Ronald Reagan: The Anti-Nixon/Kissinger

Dr. Paul Kengor is professor of political science at Grove City College and executive director of The Center for Vision & Values. His books include "The Crusader: Ronald Reagan and the Fall of Communism" and "Dupes: How America’s Adversaries Have Manipulated Progressives for a Century."


Pages: 1 2

Reagan advisers confirmed this to me, including Shultz. When I asked Shultz about it, his typical understated expression widened into a giant grin. “Oh, yes,” he told me. “He always had that list and never hesitated to give me a few names.”

I believe that Ronald Reagan’s feelings for Russian Jews might be traceable as far back as November 1928, when his devout Christian mother, head of the Missions Committee at their little church in Dixon, Illinois, brought in a Russian Jew named B.E. Kertchman. Kertchman spoke about persecution he faced. That empathy never left Reagan. Two decades later, in 1947, I discovered Reagan, as a young actor in Hollywood, a liberal Democrat, working with Eleanor Roosevelt to find safe haven for Europe’s “Displaced Persons” (mostly Jews) after World War II.

Again, this is a striking contrast with Kissinger-Nixon, but it’s more than that.

Reagan was seen as the ultimate Cold Warrior, giving no quarter to the “Evil Empire.” Yet, his care for the everyday lives of human beings languishing in the USSR went largely unnoticed. That’s too bad, as that concern is a moving testimony of where this president’s heart guided him. That’s something worth remembering as a nation remembers the life of Ronald Reagan this February 2011.

Dr. Paul Kengor is professor of political science at Grove City College and executive director of The Center for Vision & Values. His books include “The Crusader: Ronald Reagan and the Fall of Communism,” “God and Ronald Reagan,” and the newly released “Dupes: How America’s Adversaries Have Manipulated Progressives for a Century.”

Pages: 1 2

  • Rifleman

    It didn't matter that the 'smart' people on the left and right thought Reagan was a simplistic Rube, a person could tell from his speeches and statements he had a better understanding of communism and how to defeat it than any of them. Reagan didn't negotiate with communists to make treaties or agreements, he negotiated to advance freedom and US interests. He got more than the democrats and some Republicans thought possible without giving up SDI. human rights, or our allies.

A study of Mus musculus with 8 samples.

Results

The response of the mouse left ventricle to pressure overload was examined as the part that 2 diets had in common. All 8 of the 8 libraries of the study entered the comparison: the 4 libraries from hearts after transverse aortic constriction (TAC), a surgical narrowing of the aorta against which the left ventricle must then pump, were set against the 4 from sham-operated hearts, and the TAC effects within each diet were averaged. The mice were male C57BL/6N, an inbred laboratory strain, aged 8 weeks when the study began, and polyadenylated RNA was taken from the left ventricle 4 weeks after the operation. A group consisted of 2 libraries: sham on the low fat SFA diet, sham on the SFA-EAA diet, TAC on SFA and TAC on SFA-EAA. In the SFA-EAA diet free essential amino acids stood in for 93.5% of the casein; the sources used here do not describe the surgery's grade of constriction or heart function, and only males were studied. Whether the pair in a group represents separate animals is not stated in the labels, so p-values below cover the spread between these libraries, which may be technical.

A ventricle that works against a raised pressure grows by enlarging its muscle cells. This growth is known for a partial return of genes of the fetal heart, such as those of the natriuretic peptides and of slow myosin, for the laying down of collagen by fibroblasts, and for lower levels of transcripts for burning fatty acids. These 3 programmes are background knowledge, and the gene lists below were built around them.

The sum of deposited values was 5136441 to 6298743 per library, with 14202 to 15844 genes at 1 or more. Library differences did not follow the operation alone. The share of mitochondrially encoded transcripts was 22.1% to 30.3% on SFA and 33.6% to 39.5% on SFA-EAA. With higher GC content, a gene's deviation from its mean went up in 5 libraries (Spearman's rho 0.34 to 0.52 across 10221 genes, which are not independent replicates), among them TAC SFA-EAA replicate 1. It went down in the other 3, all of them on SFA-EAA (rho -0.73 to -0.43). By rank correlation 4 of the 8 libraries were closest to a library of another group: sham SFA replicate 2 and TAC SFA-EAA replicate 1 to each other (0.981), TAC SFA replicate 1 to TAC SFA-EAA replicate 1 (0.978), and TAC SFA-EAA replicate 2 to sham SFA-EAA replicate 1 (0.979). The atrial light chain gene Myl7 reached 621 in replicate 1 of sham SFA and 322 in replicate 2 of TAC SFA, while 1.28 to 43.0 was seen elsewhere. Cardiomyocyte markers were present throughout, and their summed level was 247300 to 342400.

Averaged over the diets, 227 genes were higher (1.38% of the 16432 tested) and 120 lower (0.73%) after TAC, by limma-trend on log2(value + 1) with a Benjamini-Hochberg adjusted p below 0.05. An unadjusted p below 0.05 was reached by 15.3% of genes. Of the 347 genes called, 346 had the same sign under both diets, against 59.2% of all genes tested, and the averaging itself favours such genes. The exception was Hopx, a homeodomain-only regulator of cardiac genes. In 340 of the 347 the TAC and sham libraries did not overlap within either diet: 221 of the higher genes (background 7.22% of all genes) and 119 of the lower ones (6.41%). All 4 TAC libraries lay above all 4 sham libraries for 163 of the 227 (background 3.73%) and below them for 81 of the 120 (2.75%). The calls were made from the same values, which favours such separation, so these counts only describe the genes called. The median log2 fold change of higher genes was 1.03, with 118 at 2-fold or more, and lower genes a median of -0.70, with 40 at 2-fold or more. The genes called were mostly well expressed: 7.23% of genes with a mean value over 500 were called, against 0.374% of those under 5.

He also had a better understanding America, of what was wrong with our economy, and how to correct it, than the 'smart' people.

  • Jim C.

    Ronald Reagan was the most interesting phenomenom we're likely to see hold office in our lifetimes. A born leader with unshakeable views of right and wrong, he was nevertheless nowhere near as doctrinaire as his right wing heirs turned out to be. He was simply interested in effectiveness, which is why he gravitated toward those who got things done in the corporate boardroom. And this was not unusual for a man of his generation with moderate politics and no particular interest in social justice.

    But it's the devil in the details, and Reagan was not interested in those. We're now paying for the ascendancy and enshrinement of the corporate boardroom in our politics. For Reagan, this was liberty. For us, it has turned to a sort of soft tyranny that for some reason, the Right has no interest in exposing. Maybe it's because they know where their bread gets buttered, and don't care.

    • USMCSniper

      The greatest danger in the so called government-corporate business partnership is that it cannot never be honest. Whenever government controls or favors are introduced into a free economy, they create economic dislocations, hardships, and problems which, if the controls and favors are not repealed, necessitate still further controls and favors, which necessitate still further controls and favors, etc. Thus a chain reaction is set up: the victimized groups seek redress by demanding favors and imposing controls on the profiteering groups, who retaliate in the same manner, on an ever widening scale. Such a mixed economy can never be honest,

  • WildJew

    Reagan may have been one of America's better leaders in the twentieth century. I voted for him twice. On matters of the economy and foreign policy in Europe, Russia, etc., he was a strong / resolute leader. On the Middle East, he stumbled badly like many other twentieth century US presidents – particularly after Israel became a modern nation-state – with the exception of Carter and Obama whose Mideast policies were and are deplorable.